In my podcast with Ed Iacobucci about DayJet’s approach to reinventing air travel, Ed recalls the moment when he knew that the Eclipse VLJ (very light jet) represented the hardware component of a new platform. His contribution would be to create the operating system that would enable new travel applications.
I think I am beginning to develop an aversion to the term platform.
When I read that, I said to myself: “Yeah, me too.”
Marc’s post defines three levels of platform:
- Flickr-style data-access APIs.
- Facebook-style containers of “Internet plug-ins.” While hosted by their container, these plug-in applications must also provide their own life support.
- Ning-, Salesforce-, and Second Life-style runtime environments that fully support their dependent applications.
As both Antonio and Joshua point out, Marc’s level 3 runtime leads to the sort of lock-in scenario that developers have learned to regard with suspicion. Antonio pushes back on Marc’s characterization of Amazon’s S3 and EC2 as “only sort of” a level 3 platform. Facebook alone may be a level 2 platform, he says, but in combination with Amazon’s neutral infrastructure it already reaches level 3. And of course Amazon’s services can recombine with other level 2 platforms to yield other level 3 platforms.
Joshua, meanwhile, questions the need for levels 2 and 3. He thinks that Marc’s base platform — the data flowing at level 1 — has potential we’ve scarcely begun to realize. I agree. Syndication-oriented architecture surely has limitations, but we haven’t run into them yet.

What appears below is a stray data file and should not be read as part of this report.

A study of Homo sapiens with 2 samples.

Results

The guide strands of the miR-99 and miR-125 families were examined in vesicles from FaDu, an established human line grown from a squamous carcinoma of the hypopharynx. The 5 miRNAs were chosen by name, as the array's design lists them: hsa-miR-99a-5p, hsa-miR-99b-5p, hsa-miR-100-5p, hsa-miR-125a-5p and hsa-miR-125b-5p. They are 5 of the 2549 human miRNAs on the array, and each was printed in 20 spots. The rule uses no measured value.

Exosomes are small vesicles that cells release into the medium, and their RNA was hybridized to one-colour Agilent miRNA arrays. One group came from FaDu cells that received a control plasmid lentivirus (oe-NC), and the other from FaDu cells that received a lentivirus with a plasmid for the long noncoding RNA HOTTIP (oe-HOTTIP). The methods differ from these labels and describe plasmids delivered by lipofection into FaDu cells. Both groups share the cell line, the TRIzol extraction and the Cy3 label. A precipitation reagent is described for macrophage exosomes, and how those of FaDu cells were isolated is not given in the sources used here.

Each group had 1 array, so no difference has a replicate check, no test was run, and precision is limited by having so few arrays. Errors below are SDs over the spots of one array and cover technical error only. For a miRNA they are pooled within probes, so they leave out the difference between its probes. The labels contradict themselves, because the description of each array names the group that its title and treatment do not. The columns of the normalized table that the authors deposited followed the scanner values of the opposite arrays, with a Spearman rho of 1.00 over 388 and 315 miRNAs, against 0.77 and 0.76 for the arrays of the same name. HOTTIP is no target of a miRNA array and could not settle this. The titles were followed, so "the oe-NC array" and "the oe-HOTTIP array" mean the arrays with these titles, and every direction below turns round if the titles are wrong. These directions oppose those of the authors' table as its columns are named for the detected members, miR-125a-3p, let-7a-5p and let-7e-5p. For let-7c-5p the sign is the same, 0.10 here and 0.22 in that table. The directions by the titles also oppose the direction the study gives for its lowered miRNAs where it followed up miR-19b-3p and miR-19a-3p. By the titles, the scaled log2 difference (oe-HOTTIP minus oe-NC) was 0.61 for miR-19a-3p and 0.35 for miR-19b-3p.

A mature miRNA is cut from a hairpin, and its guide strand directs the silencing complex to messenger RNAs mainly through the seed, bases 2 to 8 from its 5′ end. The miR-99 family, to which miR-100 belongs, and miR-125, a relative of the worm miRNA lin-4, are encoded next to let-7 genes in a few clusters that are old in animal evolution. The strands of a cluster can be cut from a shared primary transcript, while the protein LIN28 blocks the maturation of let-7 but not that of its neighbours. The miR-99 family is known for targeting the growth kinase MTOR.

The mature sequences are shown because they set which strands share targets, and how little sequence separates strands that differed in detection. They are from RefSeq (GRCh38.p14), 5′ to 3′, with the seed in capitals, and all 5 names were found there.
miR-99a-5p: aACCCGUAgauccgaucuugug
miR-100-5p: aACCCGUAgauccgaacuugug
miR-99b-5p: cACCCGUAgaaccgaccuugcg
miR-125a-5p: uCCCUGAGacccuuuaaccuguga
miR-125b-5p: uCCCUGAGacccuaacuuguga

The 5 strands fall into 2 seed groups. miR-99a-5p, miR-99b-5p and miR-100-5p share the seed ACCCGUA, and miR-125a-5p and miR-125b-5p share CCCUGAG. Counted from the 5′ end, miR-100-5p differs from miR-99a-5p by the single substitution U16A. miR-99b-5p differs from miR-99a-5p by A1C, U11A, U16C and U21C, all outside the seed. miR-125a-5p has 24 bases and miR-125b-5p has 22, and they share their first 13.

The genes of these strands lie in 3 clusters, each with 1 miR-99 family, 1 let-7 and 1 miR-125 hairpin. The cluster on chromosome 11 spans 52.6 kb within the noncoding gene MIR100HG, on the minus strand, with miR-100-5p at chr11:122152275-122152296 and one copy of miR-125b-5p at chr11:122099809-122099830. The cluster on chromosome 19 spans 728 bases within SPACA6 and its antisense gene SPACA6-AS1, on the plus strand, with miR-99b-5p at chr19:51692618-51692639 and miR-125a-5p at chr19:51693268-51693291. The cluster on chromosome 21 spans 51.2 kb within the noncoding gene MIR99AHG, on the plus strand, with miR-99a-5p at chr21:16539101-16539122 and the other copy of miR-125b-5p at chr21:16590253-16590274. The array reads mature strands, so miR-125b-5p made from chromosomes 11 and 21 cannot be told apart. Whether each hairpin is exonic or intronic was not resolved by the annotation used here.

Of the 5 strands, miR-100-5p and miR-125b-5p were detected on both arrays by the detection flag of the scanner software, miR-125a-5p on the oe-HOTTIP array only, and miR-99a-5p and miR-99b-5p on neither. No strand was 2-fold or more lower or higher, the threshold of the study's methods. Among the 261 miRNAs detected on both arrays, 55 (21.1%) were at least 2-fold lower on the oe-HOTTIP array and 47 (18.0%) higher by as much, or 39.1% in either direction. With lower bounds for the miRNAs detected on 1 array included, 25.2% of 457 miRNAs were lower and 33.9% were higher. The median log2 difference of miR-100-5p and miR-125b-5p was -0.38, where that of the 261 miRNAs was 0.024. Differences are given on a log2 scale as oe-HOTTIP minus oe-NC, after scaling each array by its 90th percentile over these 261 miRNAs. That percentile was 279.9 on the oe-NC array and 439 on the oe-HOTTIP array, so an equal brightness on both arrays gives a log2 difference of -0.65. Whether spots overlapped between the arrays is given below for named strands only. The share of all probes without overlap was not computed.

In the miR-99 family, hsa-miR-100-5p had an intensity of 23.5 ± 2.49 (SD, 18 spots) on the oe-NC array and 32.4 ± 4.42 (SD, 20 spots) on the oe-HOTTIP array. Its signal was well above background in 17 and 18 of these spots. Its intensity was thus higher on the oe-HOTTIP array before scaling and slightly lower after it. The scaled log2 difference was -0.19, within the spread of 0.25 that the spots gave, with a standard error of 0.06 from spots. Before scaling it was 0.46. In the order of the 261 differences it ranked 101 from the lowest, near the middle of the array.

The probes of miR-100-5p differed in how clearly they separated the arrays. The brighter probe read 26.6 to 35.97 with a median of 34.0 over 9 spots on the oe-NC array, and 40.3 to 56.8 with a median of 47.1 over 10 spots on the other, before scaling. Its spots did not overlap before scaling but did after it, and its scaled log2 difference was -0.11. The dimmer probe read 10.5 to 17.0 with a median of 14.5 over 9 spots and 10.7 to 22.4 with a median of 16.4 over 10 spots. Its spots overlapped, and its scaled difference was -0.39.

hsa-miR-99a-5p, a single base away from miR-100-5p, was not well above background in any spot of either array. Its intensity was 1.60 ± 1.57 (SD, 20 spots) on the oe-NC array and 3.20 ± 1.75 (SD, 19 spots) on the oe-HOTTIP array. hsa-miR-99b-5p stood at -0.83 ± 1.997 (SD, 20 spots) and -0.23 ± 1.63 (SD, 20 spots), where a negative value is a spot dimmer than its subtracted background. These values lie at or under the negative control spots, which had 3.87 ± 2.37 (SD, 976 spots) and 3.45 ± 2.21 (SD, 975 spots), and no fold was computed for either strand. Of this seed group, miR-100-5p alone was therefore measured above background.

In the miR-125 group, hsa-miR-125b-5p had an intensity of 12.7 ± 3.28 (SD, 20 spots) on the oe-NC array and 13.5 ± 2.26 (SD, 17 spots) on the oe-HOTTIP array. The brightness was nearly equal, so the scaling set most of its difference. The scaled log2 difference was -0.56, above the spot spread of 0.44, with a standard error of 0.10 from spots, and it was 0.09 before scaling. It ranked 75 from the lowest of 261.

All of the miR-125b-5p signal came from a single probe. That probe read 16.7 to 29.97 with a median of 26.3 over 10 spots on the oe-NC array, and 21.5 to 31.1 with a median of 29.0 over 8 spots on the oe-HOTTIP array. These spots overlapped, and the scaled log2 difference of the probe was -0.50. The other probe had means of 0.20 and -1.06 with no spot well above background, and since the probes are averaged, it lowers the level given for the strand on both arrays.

It’s also worth noting that Marc’s taxonomy is wholly cloud-centric:
I think that kids coming out of college over the next several years are going to wonder why anyone ever built apps for anything other than “the cloud” — the Internet — and, ultimately, why they did so with anything other than the kinds of Level 3 platforms that we as an industry are going to build over the next several years.
I’ll go along with that, but only if we can extend our definition of the cloud to encompass what the Internet originally was: a network of peers. With rare but notable exceptions (e.g. BitTorrent) it hasn’t been that for a long time. I think it will be that again. There’s a level 4 platform waiting in the wings. At level 4, the cloud of storage and computation is partly centralized in a handful of intergalactic clusters, and partly distributed across a network of humble peers. Microsoft’s forthcoming Internet service bus is one example of a level 4 platform. I hope, and expect, we’ll see others.